There may be too few educators on cable TV (and too few education-related segments, too), but has there ever been a time when schools were as much a central part of so many TV shows?
*On Fresh Off The Boat, the hip-hop loving son of immigrant parents has to make new friends at a Florida school where there has apparently a student who isn't white, black, or Hispanic.
*The New Girl is now an assistant superintendent and her boyfriend/employee teacher works at the same school (or still did, last I looked).
*Girls' most appealingly deplorable character, Hannah, substitutes at a private school after crashing and burning at her Iowa MFA program.
*In episode 6 of Tina Fey's new show, The Unbreakable Kimmie Schmidt, the protagonist encounters a burned-out GED teacher who wants to be reported so he can get assigned to the rubber room. (There was a rubber room on Silicon Valley, too.)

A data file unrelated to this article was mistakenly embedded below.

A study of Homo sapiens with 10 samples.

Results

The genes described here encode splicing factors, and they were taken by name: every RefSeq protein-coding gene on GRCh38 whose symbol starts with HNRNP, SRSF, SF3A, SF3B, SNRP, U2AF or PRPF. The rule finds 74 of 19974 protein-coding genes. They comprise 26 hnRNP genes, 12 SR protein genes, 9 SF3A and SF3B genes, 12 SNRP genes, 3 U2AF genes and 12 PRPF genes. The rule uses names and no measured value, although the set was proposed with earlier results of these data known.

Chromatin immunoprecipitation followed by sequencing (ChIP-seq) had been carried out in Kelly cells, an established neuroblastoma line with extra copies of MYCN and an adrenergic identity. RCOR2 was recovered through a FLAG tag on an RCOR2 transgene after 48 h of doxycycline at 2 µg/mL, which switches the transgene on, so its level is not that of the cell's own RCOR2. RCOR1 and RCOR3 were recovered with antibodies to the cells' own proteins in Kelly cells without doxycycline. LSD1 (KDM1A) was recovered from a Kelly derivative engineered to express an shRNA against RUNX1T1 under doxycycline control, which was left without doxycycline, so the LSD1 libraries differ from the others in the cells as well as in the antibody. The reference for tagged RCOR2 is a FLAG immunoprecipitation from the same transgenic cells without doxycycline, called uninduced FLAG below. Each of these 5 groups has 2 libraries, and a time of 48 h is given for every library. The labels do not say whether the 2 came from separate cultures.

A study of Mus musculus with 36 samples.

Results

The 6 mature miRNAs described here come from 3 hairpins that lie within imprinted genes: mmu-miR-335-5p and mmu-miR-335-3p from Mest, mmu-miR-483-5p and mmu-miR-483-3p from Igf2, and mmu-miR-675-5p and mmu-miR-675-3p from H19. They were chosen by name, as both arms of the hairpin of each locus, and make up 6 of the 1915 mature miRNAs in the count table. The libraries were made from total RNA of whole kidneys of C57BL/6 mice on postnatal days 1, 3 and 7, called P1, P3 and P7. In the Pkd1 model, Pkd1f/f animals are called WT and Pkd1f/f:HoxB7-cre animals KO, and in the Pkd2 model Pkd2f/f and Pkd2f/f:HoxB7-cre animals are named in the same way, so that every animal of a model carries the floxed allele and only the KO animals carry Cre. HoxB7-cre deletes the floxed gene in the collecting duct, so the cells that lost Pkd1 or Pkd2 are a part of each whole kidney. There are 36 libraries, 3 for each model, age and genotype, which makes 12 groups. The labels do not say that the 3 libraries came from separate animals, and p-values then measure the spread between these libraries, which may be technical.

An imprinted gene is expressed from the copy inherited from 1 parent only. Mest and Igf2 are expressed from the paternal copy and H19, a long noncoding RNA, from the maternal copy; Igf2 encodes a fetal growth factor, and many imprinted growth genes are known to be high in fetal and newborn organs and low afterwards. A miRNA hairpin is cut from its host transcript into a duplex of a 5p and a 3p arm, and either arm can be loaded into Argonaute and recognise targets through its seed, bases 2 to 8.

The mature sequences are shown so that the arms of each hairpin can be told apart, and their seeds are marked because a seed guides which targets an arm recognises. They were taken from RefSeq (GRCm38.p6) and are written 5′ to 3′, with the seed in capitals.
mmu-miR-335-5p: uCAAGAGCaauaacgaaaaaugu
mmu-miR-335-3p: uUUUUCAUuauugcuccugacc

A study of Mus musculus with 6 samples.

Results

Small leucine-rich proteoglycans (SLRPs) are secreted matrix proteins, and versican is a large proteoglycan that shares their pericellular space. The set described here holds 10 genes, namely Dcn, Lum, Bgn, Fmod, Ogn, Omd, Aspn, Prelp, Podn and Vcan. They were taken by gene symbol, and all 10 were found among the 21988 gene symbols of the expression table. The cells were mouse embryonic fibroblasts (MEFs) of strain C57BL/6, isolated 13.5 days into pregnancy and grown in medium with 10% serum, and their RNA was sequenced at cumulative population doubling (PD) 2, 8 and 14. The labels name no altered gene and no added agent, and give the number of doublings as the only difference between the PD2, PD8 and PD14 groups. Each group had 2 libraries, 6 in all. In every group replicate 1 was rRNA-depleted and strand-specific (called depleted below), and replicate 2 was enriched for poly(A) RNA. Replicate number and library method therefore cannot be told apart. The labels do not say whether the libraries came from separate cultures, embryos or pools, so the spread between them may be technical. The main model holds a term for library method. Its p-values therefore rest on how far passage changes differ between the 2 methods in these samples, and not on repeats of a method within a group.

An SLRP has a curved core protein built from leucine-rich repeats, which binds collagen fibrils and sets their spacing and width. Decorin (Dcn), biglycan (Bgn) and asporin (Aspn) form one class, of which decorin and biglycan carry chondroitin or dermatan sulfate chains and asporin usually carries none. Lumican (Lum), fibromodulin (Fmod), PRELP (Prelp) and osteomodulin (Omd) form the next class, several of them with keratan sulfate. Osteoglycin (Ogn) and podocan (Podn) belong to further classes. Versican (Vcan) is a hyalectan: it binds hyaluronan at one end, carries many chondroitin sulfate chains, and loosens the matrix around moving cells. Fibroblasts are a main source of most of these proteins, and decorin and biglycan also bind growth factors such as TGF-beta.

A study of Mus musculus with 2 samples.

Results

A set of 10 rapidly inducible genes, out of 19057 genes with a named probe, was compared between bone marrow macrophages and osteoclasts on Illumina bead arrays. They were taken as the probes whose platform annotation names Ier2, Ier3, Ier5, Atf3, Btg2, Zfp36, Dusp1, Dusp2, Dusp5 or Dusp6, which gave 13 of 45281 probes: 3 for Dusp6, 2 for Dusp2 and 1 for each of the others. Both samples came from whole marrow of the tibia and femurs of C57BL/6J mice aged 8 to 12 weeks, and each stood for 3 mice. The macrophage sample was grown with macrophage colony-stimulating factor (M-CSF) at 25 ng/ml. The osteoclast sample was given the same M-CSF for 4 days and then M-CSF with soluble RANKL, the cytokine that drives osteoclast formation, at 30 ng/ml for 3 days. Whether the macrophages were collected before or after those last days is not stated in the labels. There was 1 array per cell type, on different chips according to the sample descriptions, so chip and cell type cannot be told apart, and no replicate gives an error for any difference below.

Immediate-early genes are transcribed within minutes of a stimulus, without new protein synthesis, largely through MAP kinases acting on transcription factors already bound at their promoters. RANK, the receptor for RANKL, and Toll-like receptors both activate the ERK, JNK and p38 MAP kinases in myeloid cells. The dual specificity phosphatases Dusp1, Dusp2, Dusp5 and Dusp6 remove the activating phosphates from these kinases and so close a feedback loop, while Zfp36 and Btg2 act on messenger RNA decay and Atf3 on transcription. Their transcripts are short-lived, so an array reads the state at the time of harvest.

*The female half of a bored married couple starts getting involved with an LA charter school startup in Eagle Rock that might also be good for her kids. (Repeat of Parenthood, sort of.)
Plus also: High Maintenance (seriously), Blackish (yep), Empire (just kidding), The Good Wife (I wish).
These aren't just silly pop culture coincidences, I'd argue -- or at least not only that. They're a representation of what the larger public thinks or knows about education, or is at least what the public is curious about. Clearly, charter schools and the rubber room are fascinating to writers, and the notion of smart young people trying out teaching isn't as foreign or obscure as it once may have been.
Related posts: Oh, No! Girls' Lena Dunham Is Going To Teach; Neighborhood Segregation The Central Issue In New HBO Show; Apparently Not Everyone's Cut Out To Be A Teaching Fellow; Silicon Valley's Rubber Room Includes A Rooftop Grill; Louis C.K. Takes Us Back To 8th Grade Science.